Although virtualization can be as simple as partitioning a single PC hard drive or as complicated as a distributed network of hundreds of storage servers, the goal-and most often, the result-is the same: better use of resources, more control over storage and an improved return on investment.
However, as each system becomes larger and more complex, the key to better server deployment is how well a businesss virtualization management software works.
Analysts at companies such as IDC, Gartner and Forrester Research report that 75 percent of Fortune 2000 companies are now using some form of virtualization every day in production environments. As more and more content pours into business storage coffers, more-and more accurate-ways of accessing and retrieving business information will be needed.
IDC analyst Michelle Bailey has spotted a widening gap between storage virtualization and the automated ability to control it. A number of companies old and new are stepping up to address this issue as the gap expands.
A key problem: how and when to partition a storage server-or any server, for that matter-to the best advantage of the IT system?
"Thats the key area were going to see grow big-time over the next five to 10 years," Bailey said. "More and better virtualization management controls are going to be needed. With applications, hardware, services and people changing all the time, the business and system requirements are also changing. All these variables require adjustments from the IT staff-unless a lot [of the adjustments] are automated. The key is to get the business folks and IT staff together on the same page.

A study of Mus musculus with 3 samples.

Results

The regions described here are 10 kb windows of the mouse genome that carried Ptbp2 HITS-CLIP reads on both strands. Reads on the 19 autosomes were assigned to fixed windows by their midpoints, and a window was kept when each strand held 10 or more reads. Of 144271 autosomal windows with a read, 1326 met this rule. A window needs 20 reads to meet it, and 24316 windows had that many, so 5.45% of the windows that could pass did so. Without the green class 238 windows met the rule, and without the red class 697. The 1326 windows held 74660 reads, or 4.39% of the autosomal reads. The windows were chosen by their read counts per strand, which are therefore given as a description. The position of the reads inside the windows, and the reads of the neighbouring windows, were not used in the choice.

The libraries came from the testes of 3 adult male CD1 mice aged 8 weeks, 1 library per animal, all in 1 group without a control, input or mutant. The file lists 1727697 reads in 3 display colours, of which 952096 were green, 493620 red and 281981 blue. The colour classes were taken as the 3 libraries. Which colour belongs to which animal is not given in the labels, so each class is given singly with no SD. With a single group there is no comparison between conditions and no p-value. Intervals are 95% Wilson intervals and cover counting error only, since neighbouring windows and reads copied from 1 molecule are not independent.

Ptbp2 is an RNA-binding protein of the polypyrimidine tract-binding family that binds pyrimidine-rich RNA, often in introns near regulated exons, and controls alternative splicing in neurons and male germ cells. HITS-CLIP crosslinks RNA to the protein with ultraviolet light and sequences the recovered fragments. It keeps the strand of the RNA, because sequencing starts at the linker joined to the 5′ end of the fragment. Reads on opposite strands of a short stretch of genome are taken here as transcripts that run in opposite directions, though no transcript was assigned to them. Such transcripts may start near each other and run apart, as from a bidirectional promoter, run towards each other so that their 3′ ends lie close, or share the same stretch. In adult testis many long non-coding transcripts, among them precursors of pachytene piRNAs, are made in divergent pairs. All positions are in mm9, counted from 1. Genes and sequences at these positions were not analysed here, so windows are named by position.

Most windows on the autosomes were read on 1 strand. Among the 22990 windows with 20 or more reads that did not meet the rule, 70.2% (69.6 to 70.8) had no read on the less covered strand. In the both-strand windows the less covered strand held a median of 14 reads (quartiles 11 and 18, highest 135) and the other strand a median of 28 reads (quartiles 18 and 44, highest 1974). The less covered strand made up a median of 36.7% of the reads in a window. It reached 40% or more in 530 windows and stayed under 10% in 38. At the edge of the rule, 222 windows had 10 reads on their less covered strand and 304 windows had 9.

"When you set up a partition for a Web-based app, for example, you have to set up a DNS [Domain Name System] address for it, and the [partition] size may vary. And the networking will change. New tools to help accommodate this-instead of requiring hours of staff time-are going to be very important in the years to come," Bailey said.
Scalent, a 3-year-old company also based in Palo Alto, has set its sights exactly in that direction. The company offers a separate operating-system-agnostic software layer positioned under the operating system that allows the pieces of a storage server system to be moved around at will and then put back into place as needed.
Its all done on a single-page console.
"Making changes to a virtualized server can be painful," said Kevin Epstein, vice president for marketing at Scalent. "With our software, an administrator can reach in, turn off certain machines or partitions which aren't being used enough, or reapportion partitions. It also virtualizes the networking and storage connections to make those movable. We call it rack once, reconfigure infinitely."
Other companies in the virtual storage space don't agree with Scalent's approach.
"We dont see the difficulty of making changes in virtualized servers at all," said Mike Grandinetti, vice president and chief marketing officer of server virtualization software provider Virtual Iron, in Lowell, Mass. "We mask the complexity of virtualized servers with an integrated approach built right into the server software. We don't need another layer of software to do the job."
Hitachi Data Systems is the only storage hardware and software maker to build its virtualization management tools right into the head controller. EMC's VMware division, the largest-selling virtualization software organization, as well as HP, Sun Microsystems and IBM, also plan to announce updated virtualization tools this year.
"Our whole strategy in moving people to the data center of the future is to simplify all administration and make modular the software and hardware as much as possible," said Olivier Helleboid, HP's vice president of adaptive infrastructure, who oversees the IT giant's coordination of software, hardware and services for enterprises.
"Complexity and unused resources usually almost always result in wasted time, effort and money. This is the biggest source of tension between business and IT."